Guest Essays, Letters to the Editor, Opinion

Guest essay: Investing in our health

by Tara Hulsey

I have always said nursing is not just a career — it’s a calling.

During the COVID-19 pandemic, the nursing workforce shortage was put in the national spotlight. But even now, the demand for nurses continues to grow and is projected to expand well into the next decade.

The U.S. Bureau of Labor Statistics reports the projected growth for nurses is double the national average for all occupations between now and 2032. There are more than 193,000 projected openings each year for registered nurses over the course of the next eight years.

The West Virginia University School of Nursing is well-equipped to educate and train future nurses to meet these needs with nursing programs located throughout the state (Beckley, Bridgeport, Charleston, Keyser and our flagship in Morgantown) and online offerings.

The demand for registered nurses is evident, but the demand for baccalaureate-prepared nurses is even greater. In a 2011 report, “The Future of Nursing,” The Institute of Medicine called for increasing the number of baccalaureate-prepared nurses in the workforce to at least 80% to enhance patient safety. A 2020 National Nursing Workforce Survey showed that the nursing workforce is falling short of this recommendation, with just over 65% of registered nurses having a bachelor’s degree or greater. Multiple studies have shown that nurses who are baccalaureate-prepared deliver better patient outcomes.

For Abby Warnick, of Kingwood, her nursing journey took an unexpected turn that left her uniquely prepared for a career in caring for others. Abby was diagnosed with non-Hodgkin lymphoma just a few months before graduation. Her professors worked closely with her, not only to check on her health and well-being, but to also ensure she could finish her final semester on time. After her own journey with cancer, Abby now plans to work with oncology patients. She plans to use her personal experience to make a difference in the lives of others.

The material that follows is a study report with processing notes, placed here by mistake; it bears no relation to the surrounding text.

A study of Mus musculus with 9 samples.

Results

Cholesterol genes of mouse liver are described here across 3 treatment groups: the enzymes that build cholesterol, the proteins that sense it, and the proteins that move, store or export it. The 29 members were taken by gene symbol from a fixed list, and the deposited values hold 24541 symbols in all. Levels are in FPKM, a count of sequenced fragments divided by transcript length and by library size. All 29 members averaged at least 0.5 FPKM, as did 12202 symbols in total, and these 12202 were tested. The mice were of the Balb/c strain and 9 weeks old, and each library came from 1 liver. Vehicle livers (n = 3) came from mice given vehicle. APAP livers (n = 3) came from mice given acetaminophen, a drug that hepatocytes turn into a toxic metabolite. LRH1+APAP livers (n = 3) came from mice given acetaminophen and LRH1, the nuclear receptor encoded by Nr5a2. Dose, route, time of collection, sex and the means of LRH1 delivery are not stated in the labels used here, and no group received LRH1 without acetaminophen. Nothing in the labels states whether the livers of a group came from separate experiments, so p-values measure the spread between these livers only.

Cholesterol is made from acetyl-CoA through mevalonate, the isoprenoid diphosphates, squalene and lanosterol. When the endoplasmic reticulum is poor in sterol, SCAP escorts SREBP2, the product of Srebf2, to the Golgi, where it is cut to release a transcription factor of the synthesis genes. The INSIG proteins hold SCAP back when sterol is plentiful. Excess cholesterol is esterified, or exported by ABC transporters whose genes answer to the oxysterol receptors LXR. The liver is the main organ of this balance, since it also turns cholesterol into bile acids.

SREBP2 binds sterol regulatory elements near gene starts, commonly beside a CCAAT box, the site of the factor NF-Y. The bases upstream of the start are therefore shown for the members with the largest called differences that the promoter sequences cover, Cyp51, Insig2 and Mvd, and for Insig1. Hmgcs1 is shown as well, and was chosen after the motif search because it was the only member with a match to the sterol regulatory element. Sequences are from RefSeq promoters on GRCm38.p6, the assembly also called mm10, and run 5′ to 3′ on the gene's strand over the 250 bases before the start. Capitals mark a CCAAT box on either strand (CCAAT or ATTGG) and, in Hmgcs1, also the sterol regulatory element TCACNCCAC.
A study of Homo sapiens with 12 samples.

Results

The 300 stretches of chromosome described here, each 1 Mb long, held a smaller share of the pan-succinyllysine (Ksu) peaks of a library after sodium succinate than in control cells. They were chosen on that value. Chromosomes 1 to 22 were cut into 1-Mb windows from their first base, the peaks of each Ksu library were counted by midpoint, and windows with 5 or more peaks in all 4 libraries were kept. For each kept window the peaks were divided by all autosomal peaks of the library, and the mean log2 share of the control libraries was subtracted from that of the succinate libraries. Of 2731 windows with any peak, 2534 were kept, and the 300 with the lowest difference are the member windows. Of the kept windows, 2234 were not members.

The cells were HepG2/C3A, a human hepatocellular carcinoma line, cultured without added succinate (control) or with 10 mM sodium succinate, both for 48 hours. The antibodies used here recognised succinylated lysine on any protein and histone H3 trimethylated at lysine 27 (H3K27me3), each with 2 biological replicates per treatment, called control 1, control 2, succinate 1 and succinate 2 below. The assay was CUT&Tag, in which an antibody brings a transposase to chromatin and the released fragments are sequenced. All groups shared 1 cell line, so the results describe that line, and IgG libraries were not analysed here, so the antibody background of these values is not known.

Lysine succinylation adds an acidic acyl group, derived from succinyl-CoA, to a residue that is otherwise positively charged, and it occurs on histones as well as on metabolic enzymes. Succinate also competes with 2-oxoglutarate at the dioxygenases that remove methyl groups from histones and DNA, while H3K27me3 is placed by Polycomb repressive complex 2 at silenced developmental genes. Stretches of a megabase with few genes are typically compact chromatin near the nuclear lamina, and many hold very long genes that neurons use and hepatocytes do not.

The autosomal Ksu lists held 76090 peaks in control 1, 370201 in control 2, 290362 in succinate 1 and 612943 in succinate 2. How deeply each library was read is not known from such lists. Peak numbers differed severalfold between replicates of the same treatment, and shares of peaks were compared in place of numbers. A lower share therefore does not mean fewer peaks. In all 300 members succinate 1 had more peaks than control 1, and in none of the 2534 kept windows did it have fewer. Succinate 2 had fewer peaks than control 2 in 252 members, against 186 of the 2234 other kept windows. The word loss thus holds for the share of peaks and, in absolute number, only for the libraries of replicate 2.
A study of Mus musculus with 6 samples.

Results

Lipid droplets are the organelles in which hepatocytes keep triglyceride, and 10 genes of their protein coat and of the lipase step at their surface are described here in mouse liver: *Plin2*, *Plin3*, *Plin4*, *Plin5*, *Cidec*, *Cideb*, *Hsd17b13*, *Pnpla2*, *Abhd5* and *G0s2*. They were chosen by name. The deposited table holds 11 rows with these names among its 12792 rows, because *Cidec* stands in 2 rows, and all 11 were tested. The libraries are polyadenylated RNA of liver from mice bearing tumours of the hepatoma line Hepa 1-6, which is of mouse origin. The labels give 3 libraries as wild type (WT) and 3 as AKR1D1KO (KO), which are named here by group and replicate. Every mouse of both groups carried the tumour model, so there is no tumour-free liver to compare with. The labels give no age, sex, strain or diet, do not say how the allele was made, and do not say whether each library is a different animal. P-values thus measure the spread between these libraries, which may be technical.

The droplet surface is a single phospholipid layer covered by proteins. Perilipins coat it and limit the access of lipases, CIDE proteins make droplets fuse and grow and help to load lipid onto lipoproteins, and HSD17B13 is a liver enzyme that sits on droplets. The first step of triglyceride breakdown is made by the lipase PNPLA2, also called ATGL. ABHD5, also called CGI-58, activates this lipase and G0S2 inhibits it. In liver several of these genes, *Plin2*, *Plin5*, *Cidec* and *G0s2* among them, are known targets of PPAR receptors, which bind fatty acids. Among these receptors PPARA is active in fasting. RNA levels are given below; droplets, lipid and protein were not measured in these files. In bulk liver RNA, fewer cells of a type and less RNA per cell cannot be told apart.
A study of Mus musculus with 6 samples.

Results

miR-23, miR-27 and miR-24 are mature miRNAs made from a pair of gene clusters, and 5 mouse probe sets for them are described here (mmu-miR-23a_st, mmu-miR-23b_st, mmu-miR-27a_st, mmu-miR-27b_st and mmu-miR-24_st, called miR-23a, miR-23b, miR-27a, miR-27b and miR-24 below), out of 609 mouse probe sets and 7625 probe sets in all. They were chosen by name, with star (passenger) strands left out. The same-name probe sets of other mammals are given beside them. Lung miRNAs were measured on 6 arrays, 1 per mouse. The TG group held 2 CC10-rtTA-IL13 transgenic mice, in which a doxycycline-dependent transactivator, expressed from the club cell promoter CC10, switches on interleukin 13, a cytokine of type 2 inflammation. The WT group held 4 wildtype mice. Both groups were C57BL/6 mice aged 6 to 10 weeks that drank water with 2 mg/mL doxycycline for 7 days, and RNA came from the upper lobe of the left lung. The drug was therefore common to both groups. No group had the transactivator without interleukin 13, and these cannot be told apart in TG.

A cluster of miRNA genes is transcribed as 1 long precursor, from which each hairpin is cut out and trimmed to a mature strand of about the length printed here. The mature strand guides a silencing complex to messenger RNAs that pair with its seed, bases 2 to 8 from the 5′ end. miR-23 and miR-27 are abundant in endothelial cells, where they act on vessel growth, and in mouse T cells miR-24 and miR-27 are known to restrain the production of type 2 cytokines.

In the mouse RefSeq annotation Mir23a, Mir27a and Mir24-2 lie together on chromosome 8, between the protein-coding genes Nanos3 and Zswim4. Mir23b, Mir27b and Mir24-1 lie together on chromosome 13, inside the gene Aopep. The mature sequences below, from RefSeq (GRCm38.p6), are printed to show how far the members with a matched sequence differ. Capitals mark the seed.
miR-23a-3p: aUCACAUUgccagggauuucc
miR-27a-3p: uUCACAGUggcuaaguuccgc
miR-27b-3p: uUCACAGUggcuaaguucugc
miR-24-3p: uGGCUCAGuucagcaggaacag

Supporting WVU nursing programs is also an excellent way to build a more prosperous future for state residents. For example, a career in nursing with a median pay of more than $80,000 is well above the median household income in West Virginia of $55,000.

We are incredibly grateful that Gov. Jim Justice has recognized this smart investment by providing funding for the Nursing Workforce Expansion Program over the last two years, which has allowed us to increase our enrollment, provide scholarships to students with financial need, and support our expert faculty in continuing education and professional development. We are hopeful for the support of Gov. Justice’s proposed $30 million addition to this program.

We are excited to build on the strength and quality of the WVU School of Nursing programs reflected in our first-time NCLEX licensure pass rates. The most recent results from our fall 2023 graduates yielded a 100% first-time pass rate from our BSN program and our Accelerated BSN program on our Morgantown Campus. Our licensure pass rates are a testament to our excellent faculty, who are clearly preparing our nursing students with the knowledge and clinical skills they need to succeed.

The School of Nursing proudly carries the WVU land-grant mission of advancing healthcare and prosperity for all by providing access and opportunity. State support helps us advance even further.

Let’s go.

Tara Hulsey is the dean of the WVU School of Nursing.